Jamie Lee Curtis Opens Up About Opioid Addiction No One Knew She Had

Jamie Lee Curtis once struggled with opioid addiction and no one knew, until now.

Jamie Lee Curtis Discusses how she Overcame Addiction

The opioid crisis has gotten particularly close attention in recent months as the epidemic has become one of the primary causes of death in the United States. Last year, President Trump declared the opioid crisis a national Public Health Emergency which his administration planned to fight head on.

However, the opioid crisis was affecting many Americans even before it came into the public spotlight. According to People, actress Jamie Lee Curtis was fighting an addiction to opioids back in the 80’s. “I was ahead of the curve of the opioid epidemic,” Curtis said. “I had a 10-year run, stealing, conniving. No one knew. No one.”

The Halloween actress had already witnessed the effects of addiction growing up and knew what it could do to families. Her father, Tony Curtis, abused alcohol and struggled with addictions to heroin and cocaine throughout her youth. Her half-brother Nicholas Curtis also suffered from addictions and would later succumb to a heroin overdose in 1994. She did not think this was a battle she would ever have to face, but addiction can sneak up on anyone.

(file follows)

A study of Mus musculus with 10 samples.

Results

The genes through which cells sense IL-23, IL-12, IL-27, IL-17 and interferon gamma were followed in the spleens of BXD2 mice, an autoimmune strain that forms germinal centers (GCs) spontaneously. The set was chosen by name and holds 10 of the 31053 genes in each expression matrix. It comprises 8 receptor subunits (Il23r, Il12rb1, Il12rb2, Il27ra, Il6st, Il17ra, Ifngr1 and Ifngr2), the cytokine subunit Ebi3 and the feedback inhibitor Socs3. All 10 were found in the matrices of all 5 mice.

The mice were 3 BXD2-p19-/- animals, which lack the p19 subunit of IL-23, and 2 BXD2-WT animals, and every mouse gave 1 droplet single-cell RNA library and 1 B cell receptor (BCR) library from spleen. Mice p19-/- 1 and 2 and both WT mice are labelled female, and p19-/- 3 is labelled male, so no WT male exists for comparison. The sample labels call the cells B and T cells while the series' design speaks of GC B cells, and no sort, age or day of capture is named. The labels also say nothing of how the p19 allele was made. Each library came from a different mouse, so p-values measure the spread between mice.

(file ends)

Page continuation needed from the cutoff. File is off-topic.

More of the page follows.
Curtis was first exposed to opioids in 1989 when she underwent a plastic surgery procedure to reduce her puffy eyes. Though a relatively simple procedure, it would come at a great price. Curtis would become hooked on her painkillers and would struggle with the addiction for the next decade. She would seek out opioids wherever she could find them. The addiction led her to steal medication, from her own family and friends.

In 1999 Curtis decided she needed to get help and confessed her addiction to her husband, Christopher Guest. Guest had no idea about Curtis’ addiction, despite the fact that they had been married for 15 years at the time and had two children, Annie and Tom. She had hidden her addiction very effectively.

Nevertheless, Guest was supportive of his wife’s recovery and Curtis was able to emerge from the dark hole of addiction. She began attending recovery meetings and speaking out about her struggles.

“I’m breaking the cycle that has basically destroyed the lives of generations in my family,” Curtis says. “Getting sober remains my single greatest accomplishment… bigger than my husband, bigger than both of my children and bigger than any work, success, failure. Anything.”

Curtis has been sober for nearly 20 years now and is speaking up about her experience to help others who feel they will never be freed from their addictions. Like her, those suffering from addiction can recover with the support of loved ones and professional assistance.